A heat wave in Tokyo pushing temperatures into the 90s with high levels of humidity has posed yet another challenge for athletes competing in the Olympic Games.

Why it matters: The extreme heat — making the Tokyo Games one of the hottest Olympics in decades — has made organizers reschedule matches and push events to the early morning hours or dusk to avoid the scorching sun, NBC reports.

  • Russian archer Svetlana Gomboeva lost consciousness during a competition likely due to heat stroke, AP reports.
  • At the beach volleyball arena, organizers have started hosing down the sand after competitors complained it was burning their feet, per NBC.

The big picture: Sultry weather conditions in Tokyo are not new, but due to climate change, the city's temperatures are increasingly hot.

  • Temperatures on Saturday climbed to nearly 34°C (93°F) across the greater Tokyo region, with humidity levels above 80%
  • Compared to 1964, the last time Japan hosted the Summer Olympics, the July and August temperatures in Tokyo are 2.7 degrees warmer, per NBC. There are also on average eight more days of 95-plus-degree weather than there were in 1964.
  • The International Olympic Committee and the Tokyo Games organizers released recommendations for athletes to prevent overheating.

Of note: Tropical Storm Nepartak, which formed Friday night over the western Pacific Ocean, may bring some heavy rain midweek, but also may stay north of Tokyo. The details of the storm are unclear at this point.

Go deeper

Updated Sep 10, 2021 - Science

Category 5 Super Typhoon Chanthu heads for direct hit on Taiwan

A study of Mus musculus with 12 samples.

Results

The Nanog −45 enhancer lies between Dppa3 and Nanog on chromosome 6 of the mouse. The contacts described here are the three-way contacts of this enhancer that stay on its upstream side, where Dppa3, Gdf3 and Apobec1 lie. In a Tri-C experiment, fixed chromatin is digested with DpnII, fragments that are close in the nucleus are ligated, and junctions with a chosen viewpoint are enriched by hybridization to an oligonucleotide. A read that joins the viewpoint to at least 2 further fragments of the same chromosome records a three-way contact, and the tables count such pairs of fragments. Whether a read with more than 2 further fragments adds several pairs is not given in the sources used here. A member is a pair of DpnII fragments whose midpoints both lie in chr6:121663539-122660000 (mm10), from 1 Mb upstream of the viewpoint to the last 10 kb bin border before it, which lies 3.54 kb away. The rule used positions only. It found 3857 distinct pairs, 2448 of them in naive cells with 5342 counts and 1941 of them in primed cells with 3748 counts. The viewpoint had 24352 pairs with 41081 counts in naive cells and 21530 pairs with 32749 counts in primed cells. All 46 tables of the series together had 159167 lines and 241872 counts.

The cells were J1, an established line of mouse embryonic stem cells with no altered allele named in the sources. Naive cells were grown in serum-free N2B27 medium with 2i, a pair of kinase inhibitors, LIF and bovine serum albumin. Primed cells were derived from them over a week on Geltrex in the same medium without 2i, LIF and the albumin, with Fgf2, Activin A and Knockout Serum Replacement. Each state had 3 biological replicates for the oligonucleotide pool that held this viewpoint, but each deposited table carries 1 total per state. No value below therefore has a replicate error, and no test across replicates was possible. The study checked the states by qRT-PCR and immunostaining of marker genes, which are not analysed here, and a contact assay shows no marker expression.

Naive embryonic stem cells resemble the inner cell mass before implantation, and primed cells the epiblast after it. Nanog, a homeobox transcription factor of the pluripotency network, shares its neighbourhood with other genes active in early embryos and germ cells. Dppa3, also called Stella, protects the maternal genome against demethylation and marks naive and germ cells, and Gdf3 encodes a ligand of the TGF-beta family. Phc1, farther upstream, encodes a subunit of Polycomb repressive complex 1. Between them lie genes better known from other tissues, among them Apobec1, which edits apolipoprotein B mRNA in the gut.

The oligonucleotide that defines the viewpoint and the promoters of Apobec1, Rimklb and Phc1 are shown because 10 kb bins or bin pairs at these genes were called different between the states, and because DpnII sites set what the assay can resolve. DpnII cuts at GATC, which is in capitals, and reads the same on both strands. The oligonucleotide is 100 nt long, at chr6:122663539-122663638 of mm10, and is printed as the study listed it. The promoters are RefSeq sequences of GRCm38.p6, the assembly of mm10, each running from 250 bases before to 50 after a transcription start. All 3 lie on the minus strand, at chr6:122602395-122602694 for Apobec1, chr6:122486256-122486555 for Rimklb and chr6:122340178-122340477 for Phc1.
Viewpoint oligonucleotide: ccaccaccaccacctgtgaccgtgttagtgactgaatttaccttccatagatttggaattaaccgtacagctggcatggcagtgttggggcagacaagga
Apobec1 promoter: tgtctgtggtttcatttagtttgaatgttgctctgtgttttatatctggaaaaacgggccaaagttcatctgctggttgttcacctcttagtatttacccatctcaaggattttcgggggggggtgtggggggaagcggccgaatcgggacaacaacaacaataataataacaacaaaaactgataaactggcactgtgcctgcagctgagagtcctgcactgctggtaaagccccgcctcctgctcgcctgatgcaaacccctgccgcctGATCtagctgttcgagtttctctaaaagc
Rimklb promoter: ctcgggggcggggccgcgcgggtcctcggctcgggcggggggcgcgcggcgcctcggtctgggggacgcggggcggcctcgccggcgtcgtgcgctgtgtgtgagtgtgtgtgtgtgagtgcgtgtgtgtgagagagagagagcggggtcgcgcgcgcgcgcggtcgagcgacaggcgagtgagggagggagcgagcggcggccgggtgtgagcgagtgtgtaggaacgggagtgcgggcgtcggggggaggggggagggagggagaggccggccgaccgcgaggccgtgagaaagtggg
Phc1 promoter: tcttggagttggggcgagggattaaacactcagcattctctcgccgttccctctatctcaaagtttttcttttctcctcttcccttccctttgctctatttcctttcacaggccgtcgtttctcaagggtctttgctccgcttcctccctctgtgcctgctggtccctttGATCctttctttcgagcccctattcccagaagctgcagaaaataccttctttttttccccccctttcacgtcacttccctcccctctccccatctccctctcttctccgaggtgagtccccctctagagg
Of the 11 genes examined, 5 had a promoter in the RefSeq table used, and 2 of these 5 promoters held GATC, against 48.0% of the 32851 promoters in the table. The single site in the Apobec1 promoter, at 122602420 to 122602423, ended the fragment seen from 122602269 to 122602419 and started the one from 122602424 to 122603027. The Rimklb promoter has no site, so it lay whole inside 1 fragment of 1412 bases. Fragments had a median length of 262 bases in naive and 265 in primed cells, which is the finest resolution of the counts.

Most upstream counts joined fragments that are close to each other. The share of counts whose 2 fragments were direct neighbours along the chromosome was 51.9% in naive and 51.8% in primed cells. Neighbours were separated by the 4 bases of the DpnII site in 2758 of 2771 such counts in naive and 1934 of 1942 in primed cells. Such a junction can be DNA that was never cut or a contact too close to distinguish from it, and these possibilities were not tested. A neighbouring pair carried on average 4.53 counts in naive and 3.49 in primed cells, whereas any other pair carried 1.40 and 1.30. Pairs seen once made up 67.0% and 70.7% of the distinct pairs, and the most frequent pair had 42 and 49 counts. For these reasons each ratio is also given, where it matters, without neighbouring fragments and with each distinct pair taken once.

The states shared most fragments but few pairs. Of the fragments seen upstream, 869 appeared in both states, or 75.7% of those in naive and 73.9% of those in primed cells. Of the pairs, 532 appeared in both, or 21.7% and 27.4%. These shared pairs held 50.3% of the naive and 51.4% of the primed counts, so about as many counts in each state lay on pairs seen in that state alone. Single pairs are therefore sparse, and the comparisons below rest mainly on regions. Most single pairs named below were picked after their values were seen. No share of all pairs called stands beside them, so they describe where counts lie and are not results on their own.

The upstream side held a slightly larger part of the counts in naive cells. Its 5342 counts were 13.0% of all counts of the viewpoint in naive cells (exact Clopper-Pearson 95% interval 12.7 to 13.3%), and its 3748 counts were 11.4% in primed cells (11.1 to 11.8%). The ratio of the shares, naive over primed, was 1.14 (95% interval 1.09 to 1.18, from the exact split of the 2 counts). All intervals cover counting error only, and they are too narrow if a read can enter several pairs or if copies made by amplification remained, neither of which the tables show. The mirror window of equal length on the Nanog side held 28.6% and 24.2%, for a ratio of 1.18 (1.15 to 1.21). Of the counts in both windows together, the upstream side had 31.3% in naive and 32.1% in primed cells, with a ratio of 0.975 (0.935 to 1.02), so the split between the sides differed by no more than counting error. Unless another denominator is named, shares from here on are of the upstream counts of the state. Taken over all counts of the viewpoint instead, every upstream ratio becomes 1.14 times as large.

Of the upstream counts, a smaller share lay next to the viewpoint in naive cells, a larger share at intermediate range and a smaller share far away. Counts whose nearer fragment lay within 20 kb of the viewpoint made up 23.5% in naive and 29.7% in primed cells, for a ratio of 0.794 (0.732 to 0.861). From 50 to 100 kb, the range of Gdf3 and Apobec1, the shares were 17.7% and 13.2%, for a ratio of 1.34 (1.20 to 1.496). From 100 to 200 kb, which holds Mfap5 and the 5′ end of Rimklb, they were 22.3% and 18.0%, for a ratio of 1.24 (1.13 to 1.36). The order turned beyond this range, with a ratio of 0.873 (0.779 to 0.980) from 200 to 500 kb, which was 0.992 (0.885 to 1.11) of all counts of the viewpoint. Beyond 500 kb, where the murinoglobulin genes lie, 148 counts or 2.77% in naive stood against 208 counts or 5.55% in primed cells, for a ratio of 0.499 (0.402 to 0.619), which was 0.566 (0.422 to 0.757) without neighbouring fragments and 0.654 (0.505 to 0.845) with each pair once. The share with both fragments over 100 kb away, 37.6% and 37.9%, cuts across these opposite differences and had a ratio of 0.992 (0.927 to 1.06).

Category 5 Super Typhoon Chanthu seen in an infrared satellite image Friday, Sept. 10. Photo: CIRA/RAMMB

Super Typhoon Chanthu, which has maintained an extreme intensity for days, is slated to make a direct hit on Taiwan beginning Saturday, local time.

Why it matters: The storm, which currently features maximum sustained winds of 180 mph, making it a fearsome Category 5, could cause significant damage as it moves across the highly populated island from south to north.

2 hours ago - Politics & Policy

Senate offices closing ahead of "Justice for J6" demonstration

Security fencing outside the U.S. Capitol ahead of a planned "Justice for J6" rally in Washington, D.C.. Photo: Stefani Reynolds/Bloomberg via Getty Images

Multiple congressional offices will be closed Friday amid security precautions ahead of Saturday's rally in support of jailed Jan. 6 rioters, aides who have been instructed to work remotely tell Axios.

Why it matters: As the U.S. Capitol faces its first large-scale security test since the deadly attack, House and Senate offices are taking precautionary measures to protect staff as well as lawmakers.

State Department partners with aid group welcoming Afghan refugees to U.S.

Secretary of State Antony Blinken speaking in Washington, D.C., on Sept. 14. Photo: Mandel Ngan-Pool/AFP via Getty Images

Secretary of State Antony Blinken announced Thursday that the State Department is partnering with Welcome.US, an aid group helping to welcome and support Afghan refugees who fled their country for the U.S.

Why it matters: The partnership is part of the Biden administration's Operation Allies Welcome, which involves the processing and resettlement of the more than 65,000 Afghans evacuated during the U.S. military withdrawal from Afghanistan.